A French Paradox touch for Christmas


Before talking about the joy and pleasure Christmas meals bring, I just wanted to share with you my latest contribution to Body+Soul published last Sunday – one of my calming tips that could help you relax and chill out during this crazy Christmas fever: 

calming tip_12.14

CHRISTMAS is one of the most important days in the French culinary tradition. 

It’s the perfect opportunity for the French to express their love for fresh real food and worship pleasure as the cornerstone of their approach to life and food.

The Christmas meal is pretty much the same on every single French table. As always in the French Paradox principles,  it is about quality before quantity: 

  • Appetizers served with Champagne
  • Entrees: oysters and/or foie gras
  • Main: dinde aux marrons (Turkey stuffed with chestnuts)
  • Sides: chestnuts, leafy greens
  • A plate of cheeses served with a HUGE green salad
  • Desserts: Buche de Noel (Christmas chocolate cake) 
  • Coffee (black)
  • Different great wines to match with each different dish

Today I will focus on the entrees, certainly my favourite part of the meal! 


Oysters, crispy white wine, lemon, vinegar and shallots, butter and wholemeal bread… Heaven!

Let’s talk about OYSTERS first!

Mireille Guiliano -the author of French Women Don’t Get Fat, which led the way to promote the French positive attitude to food and lifeMerci Mireille!–  says it very well in her very last book Meet Paris Oyster: “Being France, pleasure is probably the main reason for the love of the French for this unlikely mollusk that, at first glance, looks rather intimidating . The sensuous delight of eating a raw oyster with its cool flesh and briny juice—the very essence of the sea—is an experience second to none, especially when shared with another person.

And, as an added bonus, French women and men know that oysters are a nutritional powerhouse, with a huge dietary payoff for a minimum of calories. It’s one of the few foods you can eat more of, not less, as you age.
Oysters are one of the most well-balanced foods out there, containing mostly lean protein, a small amount of carbohydrate in the form of glycogen, and a small amount of fat. They are rich sources of antioxidants and omega-3 fatty acids. Full of vitamins and minerals, they are an especially excellent source of vitamins A, B1, B2, B12, C and D. Four to five oysters also provide your daily recommended levels of iron, copper, zinc, iodine, magnesium, calcium, manganese, selenium and phosphorus—all for a handful of calories. These nutrients in oysters help protect against anemia, strengthen the immune system, maintain healthy teeth and bones, and more. Not to mention the beauty benefits. Those dark under-eye circles (if we’re getting enough sleep) can come from iron or vitamin B12 deficiencies. Hair loss, which many women suffer, is most often due to insufficiencies in iron, zinc or protein. The delicious solution: oysters.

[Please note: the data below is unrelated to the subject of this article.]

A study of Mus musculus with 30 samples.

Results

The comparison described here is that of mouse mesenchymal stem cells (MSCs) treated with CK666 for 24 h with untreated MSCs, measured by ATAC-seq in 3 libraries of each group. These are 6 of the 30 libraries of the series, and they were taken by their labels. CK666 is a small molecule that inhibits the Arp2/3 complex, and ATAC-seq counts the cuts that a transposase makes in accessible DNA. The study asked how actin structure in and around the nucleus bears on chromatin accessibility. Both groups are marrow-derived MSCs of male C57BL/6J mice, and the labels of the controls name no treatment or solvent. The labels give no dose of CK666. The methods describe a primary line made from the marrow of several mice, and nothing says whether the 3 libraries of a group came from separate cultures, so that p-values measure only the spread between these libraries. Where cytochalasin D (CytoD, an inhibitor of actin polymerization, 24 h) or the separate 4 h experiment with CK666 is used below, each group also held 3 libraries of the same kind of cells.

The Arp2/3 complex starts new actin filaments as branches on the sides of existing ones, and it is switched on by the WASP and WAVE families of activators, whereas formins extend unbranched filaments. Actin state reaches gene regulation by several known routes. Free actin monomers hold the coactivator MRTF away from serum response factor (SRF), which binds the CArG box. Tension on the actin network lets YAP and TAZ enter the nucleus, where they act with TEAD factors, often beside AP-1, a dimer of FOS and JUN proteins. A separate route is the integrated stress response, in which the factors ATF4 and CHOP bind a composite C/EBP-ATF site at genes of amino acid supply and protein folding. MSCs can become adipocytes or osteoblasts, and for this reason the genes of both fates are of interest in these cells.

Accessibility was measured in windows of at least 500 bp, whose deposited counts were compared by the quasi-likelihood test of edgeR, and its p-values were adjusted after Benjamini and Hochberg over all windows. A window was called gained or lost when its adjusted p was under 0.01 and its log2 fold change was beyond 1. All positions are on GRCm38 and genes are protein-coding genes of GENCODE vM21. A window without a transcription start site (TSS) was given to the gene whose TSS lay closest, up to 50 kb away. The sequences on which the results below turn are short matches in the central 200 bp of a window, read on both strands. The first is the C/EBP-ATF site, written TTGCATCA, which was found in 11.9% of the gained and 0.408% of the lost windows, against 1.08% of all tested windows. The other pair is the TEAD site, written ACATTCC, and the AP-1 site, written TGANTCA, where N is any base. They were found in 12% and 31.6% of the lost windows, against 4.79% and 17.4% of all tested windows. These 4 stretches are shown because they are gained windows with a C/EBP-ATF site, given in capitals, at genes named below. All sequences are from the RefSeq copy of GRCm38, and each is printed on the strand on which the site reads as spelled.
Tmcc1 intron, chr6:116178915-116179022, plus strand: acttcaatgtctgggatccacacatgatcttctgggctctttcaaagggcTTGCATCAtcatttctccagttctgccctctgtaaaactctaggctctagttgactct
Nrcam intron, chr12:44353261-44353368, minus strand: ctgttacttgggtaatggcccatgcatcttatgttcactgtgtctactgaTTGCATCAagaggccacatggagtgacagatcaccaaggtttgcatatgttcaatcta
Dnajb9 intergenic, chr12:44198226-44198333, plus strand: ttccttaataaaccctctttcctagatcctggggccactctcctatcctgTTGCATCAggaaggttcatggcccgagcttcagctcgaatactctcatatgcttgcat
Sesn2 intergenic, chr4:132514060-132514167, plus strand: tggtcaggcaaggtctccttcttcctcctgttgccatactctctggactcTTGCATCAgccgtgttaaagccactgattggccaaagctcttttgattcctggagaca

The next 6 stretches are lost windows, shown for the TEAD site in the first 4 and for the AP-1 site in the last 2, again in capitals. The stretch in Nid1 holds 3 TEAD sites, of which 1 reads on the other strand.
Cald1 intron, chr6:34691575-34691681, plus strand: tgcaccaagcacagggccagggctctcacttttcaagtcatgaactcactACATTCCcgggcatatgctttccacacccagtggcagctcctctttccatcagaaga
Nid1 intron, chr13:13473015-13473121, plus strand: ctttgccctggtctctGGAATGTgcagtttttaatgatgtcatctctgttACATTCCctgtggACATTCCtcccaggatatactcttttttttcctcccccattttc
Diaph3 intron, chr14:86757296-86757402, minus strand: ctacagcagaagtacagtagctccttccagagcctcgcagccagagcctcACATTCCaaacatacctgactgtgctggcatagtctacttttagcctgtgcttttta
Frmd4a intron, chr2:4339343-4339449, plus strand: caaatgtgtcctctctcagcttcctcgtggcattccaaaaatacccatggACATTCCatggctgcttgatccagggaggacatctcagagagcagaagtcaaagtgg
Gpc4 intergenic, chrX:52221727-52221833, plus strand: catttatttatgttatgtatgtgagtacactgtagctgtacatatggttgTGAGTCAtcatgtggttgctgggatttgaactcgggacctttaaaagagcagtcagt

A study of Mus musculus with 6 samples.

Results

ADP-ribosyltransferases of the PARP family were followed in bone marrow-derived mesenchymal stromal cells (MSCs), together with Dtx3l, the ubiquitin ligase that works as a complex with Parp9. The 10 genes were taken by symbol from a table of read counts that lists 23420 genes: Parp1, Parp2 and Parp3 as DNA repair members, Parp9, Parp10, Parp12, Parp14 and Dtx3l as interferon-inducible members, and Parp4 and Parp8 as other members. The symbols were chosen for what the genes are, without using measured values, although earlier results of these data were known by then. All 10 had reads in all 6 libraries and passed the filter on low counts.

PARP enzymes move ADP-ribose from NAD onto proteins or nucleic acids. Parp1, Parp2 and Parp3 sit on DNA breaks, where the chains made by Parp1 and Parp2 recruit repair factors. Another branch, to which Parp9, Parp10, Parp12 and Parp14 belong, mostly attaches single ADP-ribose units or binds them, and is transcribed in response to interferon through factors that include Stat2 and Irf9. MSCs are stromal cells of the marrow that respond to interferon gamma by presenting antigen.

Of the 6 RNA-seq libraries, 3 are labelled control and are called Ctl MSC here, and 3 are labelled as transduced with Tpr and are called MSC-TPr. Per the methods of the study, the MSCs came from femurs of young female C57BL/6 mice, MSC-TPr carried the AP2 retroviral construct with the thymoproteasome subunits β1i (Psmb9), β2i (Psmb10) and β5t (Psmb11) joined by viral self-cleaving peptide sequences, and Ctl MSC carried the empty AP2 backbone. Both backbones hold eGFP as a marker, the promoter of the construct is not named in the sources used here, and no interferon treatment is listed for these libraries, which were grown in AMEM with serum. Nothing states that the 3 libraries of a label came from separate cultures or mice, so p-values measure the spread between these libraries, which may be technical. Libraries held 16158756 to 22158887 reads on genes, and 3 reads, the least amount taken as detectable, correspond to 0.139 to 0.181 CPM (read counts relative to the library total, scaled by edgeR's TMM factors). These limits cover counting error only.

Throughout history, oysters have been rumored to be aphrodisiacs. While science hasn’t delivered compelling proof of this yet, I do know that an idea is a powerful stimulant. The hedonic experience of sharing oysters with your beloved, combined with a belief in their aphrodisiac power, may well stimulate the libido.”

Meet Paris Oyster is an engaging exploration of the Parisian love affair with the world’s most sensuous shellfish – and the good life in general. Part cultural journey, part cookbook, and part slice-of-life play, Guiliano introduces readers to the appetites (gastronomic and otherwise) of Paris and its people. Mireille Guiliano shares information on where to find the best oysters around the world, their substantial nutritional value, the best wine pairings with oysters, and a dozen mouthwatering recipes that will have readers craving, buying, and preparing oysters, with confidence, for themselves and their loved ones.

I’m sure you’ll love this new book by my favourite French Paradox pioneer.

AND NOW… FOIE GRAS! If, like me, you love foie gras, here are a few rules to follow by the letter to enjoy it the right way!

Foie gras served with salt, pepper and delicious bread...

Foie gras served with salt, pepper and delicious bread…

  • The foie gras has to have been exposed to cold air at least 30 minutes before eating.
  • Take it out of its can or jar, put all the duck fat in a bowl and place the foie gras on a plate.
  • If it was not in the fridge before, put the foie gras in the fridge for 15 minutes.
  • Then take it out and leave it until its temperature gets close to 10 degrees (it takes between 10 to 20 minutes depending on the temperature on the day).
  • During all this process, don’t EVER slice the foie gras as oxygen would make it lose its beautiful pink colour and alter the taste and the texture.
  • Add some natural sea salt flakes, pepper. Nothing else.
  • To slice it perfectly (always just before serving), put the blade of the knife in warm water so the foie gras won’t ‘break’ into pieces.
  • Serve with the best organic wholemeal toasted bread from your local baker. Foie gras deserves the best bread! 
  • Never discard the duck fat. Use it to roast vegetables… Super healthy and to die for!

Dessert wines used to be the wine of choice to accompany foie gras. These days, more and more people like it served with an excellent red or even with Champagne. Champagne goes definitely very well with this very delicate dish and with Christmas. For those who haven’t read it yet, find out more about my love for Champagne by simply clicking here.  Please enjoy with moderation.

Now I would like to hear from you. What is your favourite Christmas dish? Any family recipe you would like to share? 

Bon appetit and Joyeux Noel!


PS. If you haven’t subscribe to my FREE weekly nutrition tips yet, simply enter your first name and emial address in the blue banner at the bottom of the page.